Category of Brown Fish Owl
Brown Fish Owl is a species of owl that is part of the family known as typical owls, Strigidae, which contains most living owls.
Habitation of Brown Fish Owl
Brown Fish Owl inhabits the warm subtropical and humid tropical parts of continental Asia and some offshore islands. Of the four living species of fish owl, it is the most widely distributed, most common and best-studied. It occupies a range of over 7,000 km from eastern China to Palestine.
Concentration of Brown Fish Owl
Brown Fish Owl is an all-year resident throughout most tropical and subtropical parts of the Indian Subcontinent to Southeast Asia and adjoining regions. The west of its main range, it is patchily distributed to the Levant and southern Asia Minor.
Nests of Brown Fish Owl
The typical habitat of Brown Fish Owls is forest and woodland bordering streams, lakes or rice fields. It inhabits mainly the lowlands, from open woodland to dense forest as well as in plantations; in the Himalayas foothills it ranges into sub montane forest up to 1,500 m (4,900 ft). It frequently spends the day in stands of bamboo or other large shady trees. They can be found around water reservoirs of Indian states, along canals, on the outskirts of villages and along sea coasts. Western birds are found in semiarid landscape and may breed in oases in arid regions. Regardless of habitat, it rarely strays far from larger bodies of water such as rivers and lakes.
Structure of Brown Fish Owl
Brown Fish Owl is a large owl, but it is intermediate in size between other fish owls. It ranges from 48 to 58 cm (19 to 23 in) in length and in wingspan from 125 to 140 cm (49 to 55 in). Weight can vary considerably, reportedly ranging from 1.1 to 2.5 kg (2.4 to 5.5 lb). Some of the variability is attributed to the range of sizes across the subspecies. Also, females are invariably at least somewhat larger than males and condition of birds is variable. It has prominent ear tufts but as in all fish owls, their tufts hang to the side of the head and have a scraggly look. The upperparts are rufous brown and heavily streaked with black or dark brown. The under parts are buffy-fulvous to whitish with wavy dark brown streaks and finer brown barring. The throat is white and can be conspicuously puffed, while the facial disk is indistinct. The irides are golden yellow, the feet a duller yellow, and the bill is dark. Sexes do not differ in appearance except for size. Second-year fish owls of this species tend to be somewhat paler than full adults.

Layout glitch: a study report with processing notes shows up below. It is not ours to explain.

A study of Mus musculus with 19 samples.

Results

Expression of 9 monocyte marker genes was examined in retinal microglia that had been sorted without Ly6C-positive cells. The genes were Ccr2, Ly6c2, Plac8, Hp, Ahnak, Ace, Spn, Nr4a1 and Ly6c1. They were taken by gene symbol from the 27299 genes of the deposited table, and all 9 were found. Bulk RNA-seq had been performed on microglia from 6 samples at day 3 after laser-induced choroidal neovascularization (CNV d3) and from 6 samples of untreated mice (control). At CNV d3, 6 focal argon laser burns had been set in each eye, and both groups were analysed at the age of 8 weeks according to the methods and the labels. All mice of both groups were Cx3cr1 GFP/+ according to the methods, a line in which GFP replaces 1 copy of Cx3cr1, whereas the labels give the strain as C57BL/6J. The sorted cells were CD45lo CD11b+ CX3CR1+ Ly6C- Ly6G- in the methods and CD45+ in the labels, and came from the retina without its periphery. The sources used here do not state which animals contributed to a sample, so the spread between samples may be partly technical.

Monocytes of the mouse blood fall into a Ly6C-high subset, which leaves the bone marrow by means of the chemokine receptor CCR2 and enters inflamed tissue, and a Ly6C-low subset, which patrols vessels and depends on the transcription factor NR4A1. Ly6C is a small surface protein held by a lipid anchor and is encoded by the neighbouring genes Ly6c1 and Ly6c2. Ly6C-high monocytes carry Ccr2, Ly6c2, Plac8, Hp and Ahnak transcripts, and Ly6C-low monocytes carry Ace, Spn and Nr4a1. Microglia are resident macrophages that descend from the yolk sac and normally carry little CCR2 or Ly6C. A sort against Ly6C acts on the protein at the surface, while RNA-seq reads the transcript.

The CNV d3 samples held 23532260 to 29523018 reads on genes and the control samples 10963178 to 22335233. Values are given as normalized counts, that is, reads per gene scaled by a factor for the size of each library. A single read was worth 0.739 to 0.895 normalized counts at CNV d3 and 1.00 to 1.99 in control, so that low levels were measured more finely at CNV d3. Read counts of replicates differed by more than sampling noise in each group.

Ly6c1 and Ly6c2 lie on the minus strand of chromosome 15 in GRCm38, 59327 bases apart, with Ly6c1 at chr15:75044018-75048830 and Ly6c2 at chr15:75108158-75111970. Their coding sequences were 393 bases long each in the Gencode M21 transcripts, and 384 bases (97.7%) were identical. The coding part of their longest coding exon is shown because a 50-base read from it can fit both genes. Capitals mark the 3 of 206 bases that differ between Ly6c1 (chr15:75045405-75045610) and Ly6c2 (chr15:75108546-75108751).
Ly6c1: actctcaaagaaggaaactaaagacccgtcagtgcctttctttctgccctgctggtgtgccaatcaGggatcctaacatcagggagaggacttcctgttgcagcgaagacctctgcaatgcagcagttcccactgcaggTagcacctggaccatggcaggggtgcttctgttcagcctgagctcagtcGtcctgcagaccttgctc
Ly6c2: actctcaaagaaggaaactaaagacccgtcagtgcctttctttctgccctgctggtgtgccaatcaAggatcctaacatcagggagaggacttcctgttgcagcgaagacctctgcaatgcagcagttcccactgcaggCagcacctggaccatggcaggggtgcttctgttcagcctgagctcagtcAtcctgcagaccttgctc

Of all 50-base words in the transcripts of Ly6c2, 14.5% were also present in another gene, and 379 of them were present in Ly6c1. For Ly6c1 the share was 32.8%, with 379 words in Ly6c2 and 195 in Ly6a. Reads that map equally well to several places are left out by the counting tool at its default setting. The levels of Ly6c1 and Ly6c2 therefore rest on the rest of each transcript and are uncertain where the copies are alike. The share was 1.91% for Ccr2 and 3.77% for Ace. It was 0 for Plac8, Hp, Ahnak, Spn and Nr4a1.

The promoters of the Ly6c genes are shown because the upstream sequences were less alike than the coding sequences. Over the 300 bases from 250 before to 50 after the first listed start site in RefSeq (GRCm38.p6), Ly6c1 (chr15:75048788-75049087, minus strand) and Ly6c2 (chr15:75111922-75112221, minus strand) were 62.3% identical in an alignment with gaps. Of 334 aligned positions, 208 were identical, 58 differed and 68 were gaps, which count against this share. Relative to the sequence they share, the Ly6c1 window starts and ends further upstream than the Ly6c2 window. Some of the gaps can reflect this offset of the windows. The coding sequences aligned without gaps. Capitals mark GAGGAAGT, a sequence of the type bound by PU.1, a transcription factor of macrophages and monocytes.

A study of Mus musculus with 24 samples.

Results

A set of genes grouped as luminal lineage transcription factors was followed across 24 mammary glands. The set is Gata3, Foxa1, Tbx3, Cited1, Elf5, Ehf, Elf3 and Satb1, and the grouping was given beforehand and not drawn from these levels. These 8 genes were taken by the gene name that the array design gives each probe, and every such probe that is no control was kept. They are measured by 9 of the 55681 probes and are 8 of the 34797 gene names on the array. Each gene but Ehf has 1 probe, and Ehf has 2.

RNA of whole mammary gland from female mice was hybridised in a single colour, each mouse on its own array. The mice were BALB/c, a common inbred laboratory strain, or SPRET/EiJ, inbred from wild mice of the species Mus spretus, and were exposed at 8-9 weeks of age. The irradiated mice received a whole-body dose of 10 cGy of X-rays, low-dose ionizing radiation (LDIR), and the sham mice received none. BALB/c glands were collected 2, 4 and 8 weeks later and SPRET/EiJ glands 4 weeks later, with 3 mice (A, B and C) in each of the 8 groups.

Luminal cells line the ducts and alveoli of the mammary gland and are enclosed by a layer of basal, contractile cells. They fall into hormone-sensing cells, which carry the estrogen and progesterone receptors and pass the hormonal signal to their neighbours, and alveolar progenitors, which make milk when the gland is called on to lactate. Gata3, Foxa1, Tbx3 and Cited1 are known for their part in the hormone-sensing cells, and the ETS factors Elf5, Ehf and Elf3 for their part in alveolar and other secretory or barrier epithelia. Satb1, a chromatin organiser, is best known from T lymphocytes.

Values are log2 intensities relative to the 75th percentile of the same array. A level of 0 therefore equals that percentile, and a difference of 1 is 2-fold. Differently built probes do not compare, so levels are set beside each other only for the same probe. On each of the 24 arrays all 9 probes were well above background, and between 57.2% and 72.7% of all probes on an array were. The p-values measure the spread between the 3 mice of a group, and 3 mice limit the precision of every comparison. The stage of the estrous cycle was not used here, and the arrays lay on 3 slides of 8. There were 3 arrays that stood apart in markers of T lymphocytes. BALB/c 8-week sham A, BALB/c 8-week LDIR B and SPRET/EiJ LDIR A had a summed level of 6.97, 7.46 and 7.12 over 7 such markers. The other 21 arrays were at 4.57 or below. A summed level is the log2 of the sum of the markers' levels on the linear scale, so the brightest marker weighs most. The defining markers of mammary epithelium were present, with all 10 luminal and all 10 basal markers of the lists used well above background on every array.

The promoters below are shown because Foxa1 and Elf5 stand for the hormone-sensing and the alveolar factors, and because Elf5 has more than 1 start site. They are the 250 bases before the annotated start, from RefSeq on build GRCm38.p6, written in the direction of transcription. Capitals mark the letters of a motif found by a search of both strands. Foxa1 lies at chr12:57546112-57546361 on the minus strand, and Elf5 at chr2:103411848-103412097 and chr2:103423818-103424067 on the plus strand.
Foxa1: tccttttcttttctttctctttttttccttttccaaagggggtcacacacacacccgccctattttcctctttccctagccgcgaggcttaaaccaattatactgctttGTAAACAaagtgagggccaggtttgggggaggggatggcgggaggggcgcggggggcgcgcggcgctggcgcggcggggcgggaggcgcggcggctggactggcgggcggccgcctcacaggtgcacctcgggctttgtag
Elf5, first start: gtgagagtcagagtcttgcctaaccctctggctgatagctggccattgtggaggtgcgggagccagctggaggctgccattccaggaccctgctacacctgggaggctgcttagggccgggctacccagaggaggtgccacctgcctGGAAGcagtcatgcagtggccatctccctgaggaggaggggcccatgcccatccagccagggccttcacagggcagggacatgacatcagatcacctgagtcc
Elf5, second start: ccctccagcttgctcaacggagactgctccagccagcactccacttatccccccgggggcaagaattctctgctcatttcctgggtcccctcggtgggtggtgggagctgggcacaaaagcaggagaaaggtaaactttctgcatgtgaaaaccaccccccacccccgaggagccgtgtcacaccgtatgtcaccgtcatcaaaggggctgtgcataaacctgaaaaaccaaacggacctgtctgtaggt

Similarity with Owl Family
It is compared to eagle owls of similar length, Brown fish owl tend to be even shorter in tail length and even heavier in build, have relatively larger wings (the tawny and Blakiston's being particularly chunky in shape), have considerably longer legs, and have a rough texture to the bottom of their toes. At least the latter two features are clear adaptations to aid these owls in capturing fish. Diurnal raptors who feed largely on fish have similar, if not identical, rough texture under their toes, which helps these birds grasp slippery fish. Unlike diurnal raptors who capture fish such as the osprey as compared to most terrestrial raptors, the fish owls have large, powerful, and curved talons and a longitudinal sharp keel sitting under the middle claw with all having sharp cutting edges that are very much like those of eagle owls. Also, unlike fish-eating diurnal raptors will not submerge any part of their body while hunting, preferring only to put their feet into the water, although fish owls will hunt on foot, wading into the shallows. Unlike most owls, the feathers of fish owls are not soft to the touch and they lack the comb and hair-like fringes to the primaries, which allow other owls to fly silently in order to ambush their prey. Due to the lack of these feather-specializations, fish owl wing beats make sounds.
Flight of Brown Fish Owl
Brown Fish Owl in particular is said to have a noisy wing beat, sometimes described as producing a singing sound, but another description claimed they could be "as silent as any other owl" in flight. The lack of a deep facial disc in fish owls is another indication of the unimportance of sound relative to vision in these owls, as facial disc depth (as well as inner ear size) is directly related to how important sound is to an owl's hunting behaviour. Also different from most of other kinds of owls, the bill is placed on the face between the eyes rather below it, which is said to impart this fish owl with a remarkably morose and sinister expression.
Sounds of Brown Fish Owl
Brown Fish Owl calls are described as a deep, trisyllabic tu-hoo-hoo, which is seemingly the territorial song emitted before breeding. The call of brown fish owl has been described as comparable to that of a distant Eurasian bittern. Other calls recorded for the brown fish owl have included a soft, "almost human-like" huphuphuphuphuphup or a loud huhuhuhuhuhuhu. Another call is a boom-uh-boom.